Home / Royal Mail / Miniature Faberge sedan chair sells for £480,000 at auction

Miniature Faberge sedan chair sells for £480,000 at auction

Cash and carry! Miniature Faberge sedan chair sells for £480,000 at auction

  • It was originally bought from antique dealer Wartski in London for £75 in 1929
  • The tiny chair is made from gold, rock crystal, jadeite and mother of pearl
  • Experts believe less than ten were made by Faberge and very few still exist today

This rare Faberge antique has sold for £480,000 at auction – after it was bought by a British collector for just £75.

The tiny sedan chair – made of gold, jadeite, crystal and pearl – was made for the Russian royal family, then sold off after the 1917 Communist revolution.

It ended up with a dealer in London and was bought by a collector in 1929 for £75, equivalent to £3,000 now.

This rare Faberge antique has sold for £480,000 at auction – after it was bought by a British collector for just £75

The chair, measuring 6in by 3.5in, was sold this week in Cirencester, Gloucestershire.

There was huge interest, including from buyers in Russia and the US. 

The chair was made between 1899 and 1903 and is one of fewer than ten such models made by Mikhail Perchin, Carl Faberge’s renowned craftsman.

Experts from the Cotswold Auction Company had given the small Russian antique a pre-sale estimate of between £60,000 to £100,000 but thought it could go for more. 

It eventually sold for a hammer price of £380,000 but with fees added on the overall price paid by the winning bidder was £480,000.

A spokesman for the Cotswold Auction Company said: ‘It is a very good result and was more than we expected.

‘The vendor watched the sale unfold online and we spoke to them afterwards. Needless to say they are overjoyed with the result.’

The tiny sedan chair – made of gold, jadeite, crystal and pearl – was made for the Russian royal family, then sold off after the 1917 Communist revolution

The tiny sedan chair – made of gold, jadeite, crystal and pearl – was made for the Russian royal family, then sold off after the 1917 Communist revolution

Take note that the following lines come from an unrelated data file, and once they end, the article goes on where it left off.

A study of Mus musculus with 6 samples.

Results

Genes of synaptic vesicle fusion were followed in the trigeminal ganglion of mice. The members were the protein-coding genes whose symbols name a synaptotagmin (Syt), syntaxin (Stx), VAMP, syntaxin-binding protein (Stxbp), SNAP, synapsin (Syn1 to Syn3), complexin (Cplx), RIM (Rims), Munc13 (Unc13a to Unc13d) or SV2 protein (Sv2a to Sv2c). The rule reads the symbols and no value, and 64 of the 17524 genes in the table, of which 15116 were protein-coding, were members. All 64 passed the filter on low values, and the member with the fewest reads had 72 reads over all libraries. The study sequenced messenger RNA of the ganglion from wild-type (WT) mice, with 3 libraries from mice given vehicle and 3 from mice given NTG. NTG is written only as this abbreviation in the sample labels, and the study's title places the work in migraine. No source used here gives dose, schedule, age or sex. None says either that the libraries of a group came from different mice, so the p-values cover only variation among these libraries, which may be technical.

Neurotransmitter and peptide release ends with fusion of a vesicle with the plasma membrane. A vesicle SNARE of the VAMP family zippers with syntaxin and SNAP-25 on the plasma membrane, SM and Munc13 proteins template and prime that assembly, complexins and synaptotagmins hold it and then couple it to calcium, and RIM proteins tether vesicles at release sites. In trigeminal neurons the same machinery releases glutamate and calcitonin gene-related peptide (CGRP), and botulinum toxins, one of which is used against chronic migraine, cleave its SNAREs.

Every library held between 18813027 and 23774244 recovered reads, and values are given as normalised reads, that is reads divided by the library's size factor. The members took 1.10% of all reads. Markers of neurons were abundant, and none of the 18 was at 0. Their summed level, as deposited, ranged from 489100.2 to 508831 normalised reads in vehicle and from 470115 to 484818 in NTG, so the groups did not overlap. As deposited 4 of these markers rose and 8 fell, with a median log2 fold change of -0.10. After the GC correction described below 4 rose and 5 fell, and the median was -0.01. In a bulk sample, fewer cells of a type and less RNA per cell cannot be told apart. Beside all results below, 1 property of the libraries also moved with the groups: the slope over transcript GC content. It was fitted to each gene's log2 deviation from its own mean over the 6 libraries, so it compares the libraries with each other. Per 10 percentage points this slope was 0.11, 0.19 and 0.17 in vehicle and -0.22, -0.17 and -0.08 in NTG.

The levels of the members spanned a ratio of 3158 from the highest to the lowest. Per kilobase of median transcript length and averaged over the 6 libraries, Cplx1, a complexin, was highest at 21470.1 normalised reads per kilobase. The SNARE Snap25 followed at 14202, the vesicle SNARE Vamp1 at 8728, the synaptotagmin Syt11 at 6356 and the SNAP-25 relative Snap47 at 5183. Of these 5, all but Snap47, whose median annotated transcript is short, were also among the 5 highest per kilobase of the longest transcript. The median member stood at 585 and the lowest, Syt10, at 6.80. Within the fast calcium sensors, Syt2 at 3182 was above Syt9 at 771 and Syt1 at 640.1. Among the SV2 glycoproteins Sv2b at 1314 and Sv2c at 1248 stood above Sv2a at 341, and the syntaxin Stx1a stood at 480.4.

The chair, measuring 6in by 3.5in, was sold this week by an auctioneer in Cirencester, Gloucestershire

The chair, measuring 6in by 3.5in, was sold this week by an auctioneer in Cirencester, Gloucestershire

Less than ten sedan chairs are known to have been made by Faberge and very few of them exist today.

Auctioneer Lindsay Braune said the level of detail and craftsmanship that went into making it was extraordinary.

She said: ‘This sedan chair is exceptional because of the quality of materials used and the superb craftsmanship that went into make it.

‘The precision craftsmanship includes the rock crystal windows engraved with simulated tasselled curtains, the hinged door with functioning handle revealing a mother-of-pearl seat to the interior.’

Less than ten sedan chairs are known to have been made by Faberge and very few of them still exist today

Less than ten sedan chairs are known to have been made by Faberge and very few of them still exist today

Describing the moment she was shown it by the anonymous vendor, she said: ‘It was a once-in-a-lifetime, spine-tingling find.

‘It belonged to a man who collected some absolute gems in the early twentieth century.

‘The vendors inherited it over 20 years ago in a box with a few other bits and pieces. It has always been kept packed away and not for show.

‘They knew it was made by Faberge but didn’t realise just how valuable it was.’

The item was sold with a handwritten note from Mr Woollcombe-Boyce at the time he purchased it.

The note states it was bought from Wartski for £75 and it came from the Russian Imperial collection at the Hermitage Museum in St Petersburg.

It is known that Faberge items at the Hermitage were taken during the Antivariat – the Russian Ministry of Trade set up by Lenin in 1921 to handle the sale and export of art pieces acquired by the revolutionary government for much-needed funds.

Mr Braune said: ‘Mr Woollcombe-Boyce believed it was made for the Russian Royal family. 

‘Wartski dealt in the pinnacle of luxury fine art pieces and clearly he was told it was from the imperial collection at the time he bought it.’